Bang on time the taxi arrived and whisked us off to the port where we joined a group and were ushered onto a boat.
The boat turned out to really nice and comfortable, not the wooden plank seats I'd been expecting. A pan pipe player greeted us followed by an English speaking guide.
We soon reached the first floating reed island. As we stepped off the boat the ground was really springy beneath our feet. The sun was shining but it was still quite cold. The bare footed woman in traditional costume gestured us to sit on bales of reeds and proceeded to demonstrate how the islands are made. As the reeds rot from below the island is replenished by adding more reeds to the surface.
The reed houses only last about ten months then the whole process starts again.
We were then loaded onto a reed boat and taken to a patch of reeds growing. We saw how they were harvested and given a chance to taste them as they also provide food.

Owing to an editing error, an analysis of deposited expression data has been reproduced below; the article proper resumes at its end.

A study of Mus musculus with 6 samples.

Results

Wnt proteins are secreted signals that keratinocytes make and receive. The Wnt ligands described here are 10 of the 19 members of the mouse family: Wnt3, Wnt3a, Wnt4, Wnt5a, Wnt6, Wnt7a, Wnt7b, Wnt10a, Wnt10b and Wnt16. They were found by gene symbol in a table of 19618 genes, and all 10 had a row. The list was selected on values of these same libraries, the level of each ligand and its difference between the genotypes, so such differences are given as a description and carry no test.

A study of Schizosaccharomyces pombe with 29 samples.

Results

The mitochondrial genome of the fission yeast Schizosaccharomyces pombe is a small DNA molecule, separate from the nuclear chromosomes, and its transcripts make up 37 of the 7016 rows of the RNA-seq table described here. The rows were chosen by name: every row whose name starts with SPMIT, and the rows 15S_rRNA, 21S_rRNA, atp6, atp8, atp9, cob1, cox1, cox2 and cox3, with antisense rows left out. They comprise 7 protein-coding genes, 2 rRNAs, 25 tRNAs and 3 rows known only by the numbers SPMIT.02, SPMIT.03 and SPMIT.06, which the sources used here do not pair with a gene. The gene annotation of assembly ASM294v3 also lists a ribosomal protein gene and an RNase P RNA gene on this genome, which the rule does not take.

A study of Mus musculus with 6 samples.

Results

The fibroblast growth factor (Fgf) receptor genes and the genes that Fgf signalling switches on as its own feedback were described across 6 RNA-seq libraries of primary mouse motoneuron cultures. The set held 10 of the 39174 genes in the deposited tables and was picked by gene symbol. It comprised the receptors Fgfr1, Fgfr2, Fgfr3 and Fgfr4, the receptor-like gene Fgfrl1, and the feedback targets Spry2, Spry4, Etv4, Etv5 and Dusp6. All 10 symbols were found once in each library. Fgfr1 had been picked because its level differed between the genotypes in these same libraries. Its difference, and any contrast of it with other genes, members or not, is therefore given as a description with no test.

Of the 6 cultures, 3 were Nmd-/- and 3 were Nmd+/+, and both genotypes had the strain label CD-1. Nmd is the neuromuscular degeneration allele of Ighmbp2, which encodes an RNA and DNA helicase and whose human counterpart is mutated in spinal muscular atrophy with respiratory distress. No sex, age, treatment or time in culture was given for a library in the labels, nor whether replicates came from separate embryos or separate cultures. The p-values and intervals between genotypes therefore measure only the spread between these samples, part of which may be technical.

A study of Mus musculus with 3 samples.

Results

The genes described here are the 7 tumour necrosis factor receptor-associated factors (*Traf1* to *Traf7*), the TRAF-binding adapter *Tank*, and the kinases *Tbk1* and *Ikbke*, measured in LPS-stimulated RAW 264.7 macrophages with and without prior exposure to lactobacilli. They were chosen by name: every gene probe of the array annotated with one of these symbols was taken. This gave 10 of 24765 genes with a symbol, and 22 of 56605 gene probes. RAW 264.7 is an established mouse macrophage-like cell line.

Back on the boat we all snoozed to the rocking of the boat as it sailed for 1 hour 40 mins to the island of Tequile.
On the island there was a steep climb of three and a half kms to the top of a hill where we were to have lunch. Glad we got acclimatized to the altitude before we came here!
Lunch with a view! Amazing sights over the lake!
We were also given a demonstration on the local plants and their uses.
Then it was time for the long walk back down to the boat.
We arrived back at the hostel at 5pm after saying goodbye to the many new friends we'd met from around the world.